Most of us who are now middle-aged began training when we were kids, typically between ages 13 and 16. Think back to your workouts in those days. If you were like me, you were sorely lacking in knowledge. At that age my entire repertoire of exercises was limited to about six to eight movements, none of which happened to be for the legs or back, and I didn’t know nutrition from newts.
What I did have was boundless enthusiasm and a raging drive to get bigger and stronger. I could not wait until it was time to attack the iron because I saw it as a transformative salvation from my predestined genetic model of being scrawny and light.
Years went by, and with them came more responsibilities such as work, marriage and then fatherhood. Bodybuilding did enable me to become so much bigger and stronger than I had been as a teenager, but eventually all the heavy training with form that wasn’t always the greatest led to injuries and chronic conditions such as arthritis and persistent tendinitis. I am sure many of you in your 40s and 50s are a lot like me. You still love to train, but you find your motivation waning at times. You can’t imagine quitting, of course, but there are many days when the gym seems to be more of a necessary chore than the thrilling adventure you couldn’t wait for that it used to be.
So, how do you maintain focus and motivation in the long term, as in a lifetime? That all comes down to having clear goals with a timeline and deadline. Wanting to get as big as possible is a fine goal to have, but it’s too vague to hold any real power over you. How do you define getting bigger? You need to set a goal of reaching X bodyweight by a specific day or increasing some bodypart measurement like the arms or legs.
For example, I had the goal of exceeding my previous top bodyweight of 240 by the end of February and actually achieved it well in advance. With only a nebulous goal of “getting bigger,” however, I doubt I would have been as focused in my training and eating over the past three months.
The same goes for getting leaner. Unless I have a very clear reason to get leaner, I find it extremely difficult to eat clean and do more cardio. Goals motivate me, as they motivate all of us.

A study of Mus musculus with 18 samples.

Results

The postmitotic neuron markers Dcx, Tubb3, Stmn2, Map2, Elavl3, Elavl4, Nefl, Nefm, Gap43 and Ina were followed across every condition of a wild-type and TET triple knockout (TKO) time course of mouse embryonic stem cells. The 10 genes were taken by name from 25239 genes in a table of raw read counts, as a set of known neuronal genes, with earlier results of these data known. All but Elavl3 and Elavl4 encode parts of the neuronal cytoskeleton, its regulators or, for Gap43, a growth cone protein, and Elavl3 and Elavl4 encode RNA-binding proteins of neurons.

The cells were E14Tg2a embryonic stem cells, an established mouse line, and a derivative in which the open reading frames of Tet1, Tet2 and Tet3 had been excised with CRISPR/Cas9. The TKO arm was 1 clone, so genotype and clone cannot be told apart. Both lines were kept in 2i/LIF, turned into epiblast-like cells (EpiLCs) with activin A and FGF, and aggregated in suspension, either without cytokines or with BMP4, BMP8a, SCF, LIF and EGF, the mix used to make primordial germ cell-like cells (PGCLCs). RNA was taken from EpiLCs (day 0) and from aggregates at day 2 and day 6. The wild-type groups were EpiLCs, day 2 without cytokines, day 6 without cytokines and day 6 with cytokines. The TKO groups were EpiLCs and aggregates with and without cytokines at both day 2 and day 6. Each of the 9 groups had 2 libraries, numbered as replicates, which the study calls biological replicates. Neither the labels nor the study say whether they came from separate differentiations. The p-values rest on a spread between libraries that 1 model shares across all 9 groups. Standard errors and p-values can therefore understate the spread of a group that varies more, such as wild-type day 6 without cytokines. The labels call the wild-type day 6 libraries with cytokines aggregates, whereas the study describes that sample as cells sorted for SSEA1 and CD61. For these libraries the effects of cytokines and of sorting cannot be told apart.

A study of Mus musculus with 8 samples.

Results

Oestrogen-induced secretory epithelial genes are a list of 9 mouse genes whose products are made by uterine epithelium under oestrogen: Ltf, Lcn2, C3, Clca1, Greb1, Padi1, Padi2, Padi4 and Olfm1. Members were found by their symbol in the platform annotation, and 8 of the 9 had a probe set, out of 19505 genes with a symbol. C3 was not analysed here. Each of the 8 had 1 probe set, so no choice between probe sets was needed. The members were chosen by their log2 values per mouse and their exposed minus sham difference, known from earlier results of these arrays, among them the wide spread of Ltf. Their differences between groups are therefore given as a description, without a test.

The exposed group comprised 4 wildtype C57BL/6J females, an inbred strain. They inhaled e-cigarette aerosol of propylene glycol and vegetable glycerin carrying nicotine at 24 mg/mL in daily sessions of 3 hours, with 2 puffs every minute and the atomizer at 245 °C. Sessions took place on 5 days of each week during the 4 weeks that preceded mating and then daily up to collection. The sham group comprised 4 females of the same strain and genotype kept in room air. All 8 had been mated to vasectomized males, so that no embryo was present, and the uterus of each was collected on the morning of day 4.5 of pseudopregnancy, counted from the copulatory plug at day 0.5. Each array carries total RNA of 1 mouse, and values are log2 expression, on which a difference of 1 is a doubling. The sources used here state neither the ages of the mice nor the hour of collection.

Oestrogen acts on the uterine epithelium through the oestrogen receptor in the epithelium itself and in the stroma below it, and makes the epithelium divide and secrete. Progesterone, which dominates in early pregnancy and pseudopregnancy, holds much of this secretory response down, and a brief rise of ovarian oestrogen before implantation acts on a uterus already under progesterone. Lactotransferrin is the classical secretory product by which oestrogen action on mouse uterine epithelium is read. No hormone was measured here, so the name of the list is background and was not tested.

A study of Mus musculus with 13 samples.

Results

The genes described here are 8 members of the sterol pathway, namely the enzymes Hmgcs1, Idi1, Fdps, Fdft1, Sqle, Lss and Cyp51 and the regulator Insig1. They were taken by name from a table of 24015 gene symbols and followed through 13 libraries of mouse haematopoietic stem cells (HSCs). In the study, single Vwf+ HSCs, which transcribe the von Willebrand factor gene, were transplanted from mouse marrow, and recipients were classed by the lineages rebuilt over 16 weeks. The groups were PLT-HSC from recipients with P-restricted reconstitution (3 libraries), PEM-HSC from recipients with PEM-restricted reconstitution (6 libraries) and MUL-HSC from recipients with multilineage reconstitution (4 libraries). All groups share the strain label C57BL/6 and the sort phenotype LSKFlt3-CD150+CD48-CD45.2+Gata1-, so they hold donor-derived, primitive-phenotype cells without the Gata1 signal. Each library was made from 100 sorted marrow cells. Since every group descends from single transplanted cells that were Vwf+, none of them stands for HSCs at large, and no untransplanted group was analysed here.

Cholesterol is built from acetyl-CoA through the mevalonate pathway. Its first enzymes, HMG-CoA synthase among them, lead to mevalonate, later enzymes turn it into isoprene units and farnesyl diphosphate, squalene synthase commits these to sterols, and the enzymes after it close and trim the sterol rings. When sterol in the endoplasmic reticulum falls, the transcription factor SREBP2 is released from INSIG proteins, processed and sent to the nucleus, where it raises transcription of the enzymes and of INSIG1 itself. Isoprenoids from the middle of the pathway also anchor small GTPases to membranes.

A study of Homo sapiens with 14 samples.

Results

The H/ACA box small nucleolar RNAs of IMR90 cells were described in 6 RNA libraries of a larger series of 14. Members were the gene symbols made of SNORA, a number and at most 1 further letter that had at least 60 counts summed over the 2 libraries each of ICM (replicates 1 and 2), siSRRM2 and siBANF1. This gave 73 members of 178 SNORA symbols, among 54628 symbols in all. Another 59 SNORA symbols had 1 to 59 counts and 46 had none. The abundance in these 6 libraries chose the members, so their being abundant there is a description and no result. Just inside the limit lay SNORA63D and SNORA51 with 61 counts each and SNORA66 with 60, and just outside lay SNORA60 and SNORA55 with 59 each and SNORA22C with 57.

That said, motivation will still ebb away for any number of reasons. Often it’s the first symptom of being overtrained, and the only remedy needed is to take a few days off from the gym to rest and recover fully. Injuries can also be demoralizing and take a big bite out of your motivation. In cases of injury, it’s critical to focus on the positive. Work hard on the body-parts and exercises that you can train safely, while seeking treatment and therapy for the injury so it heals as quickly as possible.
Personal problems are a very common motivation and focus drainer. We all live in the real world and have our share of real problems at times. Maybe you’re in a very rough spot in your relationship with your spouse or significant other, and things aren’t looking good for your future together—or maybe you’re going through breakup or divorce. I know that when I’ve had marital problems, training and eating were hardly the first thing on my mind.
Money problems are often a big distraction, as are job-related issues and trouble involving school, family members (especially health problems) and any number of factors that we all have to deal with at times. You can do your best to avoid any and all problems, but sometimes things just happen. When they do, this passion of ours may have to take a backseat for a little while.
Generally speaking, though, unless you have a very clear goal and deadline—a competition is probably the most obvious example, as well as wanting to look great for a class reunion or vacation—maintaining motivation and focus won’t be easy all the time. For those of us who love bodybuilding but will never make a living from our physiques, the challenge to keep that fire burning strong at all times is significant.
Do your best. If you’re ever at a loss for how to get the fire back, often the easiest and most reliable solution is to take four to seven days off from the gym. If bodybuilding is what you truly love doing, by the end of that break you will be recharged and ready to rock. Keep in mind that as we get older, we are going to need more time to rest and recover than when we did as teenagers and 20-somethings.
So, listen to your body, and take breaks when you need them. In the long run they will be what helps you stay motivated and loving your workouts.